Hawaii Lawmakers Proposing Four New Pieces of Legislation That Should Deal with Loot Boxes
2017 was the year of loot boxes, and them getting implemented in AAA games for PC and consoles caught the attention of some states’ lawmakers. In the US, Hawaii and Washington state tried to legislate loot boxes, along with many countries around the world including the UK, New Zealand, Belgium, and Sweden. It now seems that Hawaii will try to push the thing to the end, with its lawmakers introducing four new pieces of legislation that should deal with loot boxes.
According to Hawaii Tribune, the first two bills, House Bill 2727 and Senate Bill 3025, should force video game publishers to label games containing “randomized purchase systems” (AKA loot boxes) along with drop chances for every reward.
The second pair of bills, House Bill 2686 and Senate Bill 3024, go even further. They seek to prohibit sales of any game with purchasable items that can be bought with real money to all persons younger than 21 years old.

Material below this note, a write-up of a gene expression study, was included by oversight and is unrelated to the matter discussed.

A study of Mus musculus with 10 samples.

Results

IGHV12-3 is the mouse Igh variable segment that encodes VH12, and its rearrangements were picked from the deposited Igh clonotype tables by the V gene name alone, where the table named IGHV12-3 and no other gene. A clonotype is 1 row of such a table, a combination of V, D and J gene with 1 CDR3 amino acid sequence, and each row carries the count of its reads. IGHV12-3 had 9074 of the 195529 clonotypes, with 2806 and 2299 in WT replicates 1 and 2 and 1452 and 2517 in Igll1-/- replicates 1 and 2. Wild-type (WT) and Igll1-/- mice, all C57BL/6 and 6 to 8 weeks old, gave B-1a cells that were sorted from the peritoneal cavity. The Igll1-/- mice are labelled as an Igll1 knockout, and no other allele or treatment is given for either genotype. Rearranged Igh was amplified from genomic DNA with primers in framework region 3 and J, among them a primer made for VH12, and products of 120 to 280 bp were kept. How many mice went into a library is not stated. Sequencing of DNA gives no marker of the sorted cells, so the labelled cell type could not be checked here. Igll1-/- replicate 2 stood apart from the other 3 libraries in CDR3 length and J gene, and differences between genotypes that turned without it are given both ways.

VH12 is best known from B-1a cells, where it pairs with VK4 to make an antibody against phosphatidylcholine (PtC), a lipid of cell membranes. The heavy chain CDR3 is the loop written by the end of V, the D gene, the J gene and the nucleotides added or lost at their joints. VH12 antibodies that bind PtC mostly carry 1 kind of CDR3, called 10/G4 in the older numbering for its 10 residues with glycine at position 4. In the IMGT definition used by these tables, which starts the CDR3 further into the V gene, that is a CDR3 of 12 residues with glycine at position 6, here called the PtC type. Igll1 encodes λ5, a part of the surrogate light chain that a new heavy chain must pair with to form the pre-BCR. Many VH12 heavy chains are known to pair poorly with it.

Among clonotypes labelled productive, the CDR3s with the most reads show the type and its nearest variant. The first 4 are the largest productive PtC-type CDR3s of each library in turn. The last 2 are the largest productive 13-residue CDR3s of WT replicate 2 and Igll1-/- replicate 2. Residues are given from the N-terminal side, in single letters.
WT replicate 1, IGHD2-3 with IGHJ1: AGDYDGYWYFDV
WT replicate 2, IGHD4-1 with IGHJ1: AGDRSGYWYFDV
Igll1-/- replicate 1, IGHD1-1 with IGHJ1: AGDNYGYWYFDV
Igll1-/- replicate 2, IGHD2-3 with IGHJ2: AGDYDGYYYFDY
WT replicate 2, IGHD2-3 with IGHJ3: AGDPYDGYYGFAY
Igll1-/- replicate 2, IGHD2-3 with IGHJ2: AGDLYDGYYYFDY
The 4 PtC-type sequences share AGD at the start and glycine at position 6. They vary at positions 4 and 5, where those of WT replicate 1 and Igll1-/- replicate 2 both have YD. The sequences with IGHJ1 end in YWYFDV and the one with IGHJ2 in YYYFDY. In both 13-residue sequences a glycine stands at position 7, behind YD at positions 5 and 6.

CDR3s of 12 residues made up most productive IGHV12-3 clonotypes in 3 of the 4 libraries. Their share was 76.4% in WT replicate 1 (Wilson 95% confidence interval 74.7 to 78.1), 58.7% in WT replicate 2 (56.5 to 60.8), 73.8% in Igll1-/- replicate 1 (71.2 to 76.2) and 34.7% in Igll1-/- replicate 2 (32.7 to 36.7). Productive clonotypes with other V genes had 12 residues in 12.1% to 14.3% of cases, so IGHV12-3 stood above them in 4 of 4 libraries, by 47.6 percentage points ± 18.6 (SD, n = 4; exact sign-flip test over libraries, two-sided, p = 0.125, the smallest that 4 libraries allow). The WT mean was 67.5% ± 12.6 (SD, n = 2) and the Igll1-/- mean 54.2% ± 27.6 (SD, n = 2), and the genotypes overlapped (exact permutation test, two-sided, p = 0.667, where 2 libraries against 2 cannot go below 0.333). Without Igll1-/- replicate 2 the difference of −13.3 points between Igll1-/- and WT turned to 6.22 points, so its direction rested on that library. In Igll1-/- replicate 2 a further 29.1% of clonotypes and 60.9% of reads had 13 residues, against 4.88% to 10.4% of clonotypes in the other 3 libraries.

“I grew up playing games my whole life,” stated Chris Lee, a Hawaii state legislator who first pointed towards the loot box problem. “I’ve watched firsthand the evolution of the industry from one that seeks to create new things to one that’s begun to exploit people, especially children, to maximize profit.”
Lee believes that “If enough of the market reacts, the industry would have to respond and change its practices.
“It’s a $30 billion industry. It’s bigger than Hollywood. It’s an industry that can reach into everyone’s pockets and phones and consoles and PCs, but there’s no authority to force them to disclose their practices.”
We hope that Chris Lee will succeed and that games with loot box mechanics will have to be clearly labeled. In the end, it is more important to educate parents, so they don’t end up buying games with loot box mechanics to their children.